Neshama’s Choices for March 18th


In these short stories, many Arab Americans who fled Lebanon during the war against Israelis live in this eponymous Michigan city near Detroit. It often feels like their homeland minus the rubble, with the concentration of Arab shops, food, customs, and relatives. We meet various marvelous characters who reveal how they’ve negotiated the transition to a new milieu. Some do well; their beaming faces on billboards attest to their prosperity. More often, they struggle, like two young men who want to be actors but are stuck in boring, dead-end jobs. Or the family man who ventures forth surreptitiously in full niqab (a woman’s garment with only a slit for eyes) to explore his inner trans yearnings. These stories are pitch-perfect and very inviting in their humanity. Universal themes are beautifully delineated. 


Whalefall by Daniel Krause  

In this astonishing, improbable story, a diver is swallowed by a whale and lives to tell the tale. Jay plans to dive to the spot off the California coast where Mitt, his problematic father, committed suicide and intends to drop Mitt’s ashes. But a big gulp from a sperm whale thrusts him into desperate action. He uses everything he can lay his hands on, including light from a jellyfish and the beak of an octopus that serves as a knife, to stay alive against unfavorable odds. He hears his father's and the whale's voices, offering survival tips and philosophy. The action never stops as the air in his tank diminishes. I listened to this on CD and kept saying, “Oh no!” and “Come on!” as calamities intensified, but the images kept haunting me, so I’m sharing this book with you.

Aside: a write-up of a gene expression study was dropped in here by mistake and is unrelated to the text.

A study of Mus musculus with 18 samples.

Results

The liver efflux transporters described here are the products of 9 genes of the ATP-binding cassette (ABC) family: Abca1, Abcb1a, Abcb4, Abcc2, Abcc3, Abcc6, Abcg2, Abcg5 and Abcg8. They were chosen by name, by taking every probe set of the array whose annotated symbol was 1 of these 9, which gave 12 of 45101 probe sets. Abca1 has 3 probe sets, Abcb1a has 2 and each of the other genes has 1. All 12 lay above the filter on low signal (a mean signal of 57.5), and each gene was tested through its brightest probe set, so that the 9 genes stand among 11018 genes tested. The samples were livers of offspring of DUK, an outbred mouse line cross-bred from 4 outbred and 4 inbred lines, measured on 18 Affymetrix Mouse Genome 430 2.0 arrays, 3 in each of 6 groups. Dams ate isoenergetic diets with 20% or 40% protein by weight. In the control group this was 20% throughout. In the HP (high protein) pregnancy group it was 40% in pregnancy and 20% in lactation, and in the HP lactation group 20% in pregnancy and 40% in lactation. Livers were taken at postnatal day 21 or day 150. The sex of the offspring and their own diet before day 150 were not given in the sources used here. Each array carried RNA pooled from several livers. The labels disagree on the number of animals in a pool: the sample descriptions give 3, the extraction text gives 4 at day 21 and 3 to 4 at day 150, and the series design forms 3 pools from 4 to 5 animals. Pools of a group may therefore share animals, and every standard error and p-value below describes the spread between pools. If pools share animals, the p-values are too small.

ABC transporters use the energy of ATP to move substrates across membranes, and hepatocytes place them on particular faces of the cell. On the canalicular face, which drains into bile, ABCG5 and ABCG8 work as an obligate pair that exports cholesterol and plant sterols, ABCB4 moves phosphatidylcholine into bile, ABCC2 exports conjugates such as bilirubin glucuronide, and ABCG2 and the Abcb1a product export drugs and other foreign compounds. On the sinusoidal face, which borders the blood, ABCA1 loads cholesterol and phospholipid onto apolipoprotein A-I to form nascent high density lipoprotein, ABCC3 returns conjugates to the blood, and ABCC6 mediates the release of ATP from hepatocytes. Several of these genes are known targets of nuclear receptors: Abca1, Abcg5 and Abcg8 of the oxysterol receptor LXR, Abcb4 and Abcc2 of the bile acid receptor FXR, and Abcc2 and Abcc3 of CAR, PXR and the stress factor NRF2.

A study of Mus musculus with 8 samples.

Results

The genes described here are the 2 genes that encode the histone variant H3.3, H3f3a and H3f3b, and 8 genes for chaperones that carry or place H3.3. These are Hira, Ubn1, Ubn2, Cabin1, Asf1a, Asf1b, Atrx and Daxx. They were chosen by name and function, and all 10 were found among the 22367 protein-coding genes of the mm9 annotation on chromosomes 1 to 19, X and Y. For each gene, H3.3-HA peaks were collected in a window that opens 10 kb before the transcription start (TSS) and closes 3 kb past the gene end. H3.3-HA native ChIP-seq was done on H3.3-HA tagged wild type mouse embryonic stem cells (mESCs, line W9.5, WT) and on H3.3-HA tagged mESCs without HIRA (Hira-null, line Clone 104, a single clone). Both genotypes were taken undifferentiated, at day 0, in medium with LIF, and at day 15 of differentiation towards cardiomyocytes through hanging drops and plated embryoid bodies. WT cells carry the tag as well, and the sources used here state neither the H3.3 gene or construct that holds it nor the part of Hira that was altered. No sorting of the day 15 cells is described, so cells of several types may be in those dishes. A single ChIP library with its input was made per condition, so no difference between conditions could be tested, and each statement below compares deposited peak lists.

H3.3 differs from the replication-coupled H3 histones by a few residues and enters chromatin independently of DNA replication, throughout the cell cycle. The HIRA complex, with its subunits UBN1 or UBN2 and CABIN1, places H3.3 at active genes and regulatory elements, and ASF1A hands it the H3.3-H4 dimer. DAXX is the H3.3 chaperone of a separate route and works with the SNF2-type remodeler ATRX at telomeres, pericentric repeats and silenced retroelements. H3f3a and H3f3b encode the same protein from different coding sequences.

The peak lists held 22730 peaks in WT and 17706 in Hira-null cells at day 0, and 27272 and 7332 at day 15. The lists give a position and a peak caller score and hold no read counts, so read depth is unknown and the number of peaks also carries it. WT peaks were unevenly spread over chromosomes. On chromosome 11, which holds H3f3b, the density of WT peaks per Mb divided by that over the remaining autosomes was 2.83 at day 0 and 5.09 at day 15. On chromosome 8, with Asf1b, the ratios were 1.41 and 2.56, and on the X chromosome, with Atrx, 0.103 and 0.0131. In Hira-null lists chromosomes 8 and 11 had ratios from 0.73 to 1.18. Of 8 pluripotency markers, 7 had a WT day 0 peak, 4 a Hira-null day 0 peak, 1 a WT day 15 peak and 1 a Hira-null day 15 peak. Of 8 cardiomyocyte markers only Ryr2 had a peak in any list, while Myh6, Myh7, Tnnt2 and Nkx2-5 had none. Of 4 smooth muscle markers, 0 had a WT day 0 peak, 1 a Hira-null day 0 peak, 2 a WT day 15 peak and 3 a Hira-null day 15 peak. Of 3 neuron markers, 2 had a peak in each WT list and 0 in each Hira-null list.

Afterword by Nina Schuyler  

When a Bible salesman wanted to meet Virginia’s husband Haru—he’d heard them talking in the next room—she said no. Virginia had recreated him on the computer through AI after his death.  When China learned about her formula, they proposed she sell it to them to serve as “best friends” for lonely people. She donated most of her vast payment to an orphanage in Cambodia.  But when she got wind of China’s real purpose: to spy on citizens’ private lives and then tag and punish dissidents, she desperately tried to fix that ominous change in the formula without success. Surprises towards the end, including Haru’s history, the timeline of their relationship, and the ability of AI to make its own decisions. Schuyler conveys complex subjects like mathematics and technology so I can understand them (no mean feat), weaving this material into a poignant, subtle human drama.  


Going Zero by Anthony McCarten  

Cy, a young technological wunderkind, has developed a spyware program he wants to sell to the CIA.  The test: 10 participants tried to evade detection for 30 days. Most have extensive tools and experience to stay under the radar, but all get scooped up soon despite their varied strategies. Except for a mild-mannered librarian.  How did she get into the lineup in the first place? Of course, there’s a complex story behind all these machinations with intense bait-and-switch action and implications for the Fate of Mankind. (Especially interesting in light of Afterword, with the common theme of universal AI surveillance but such a contrasting approach.)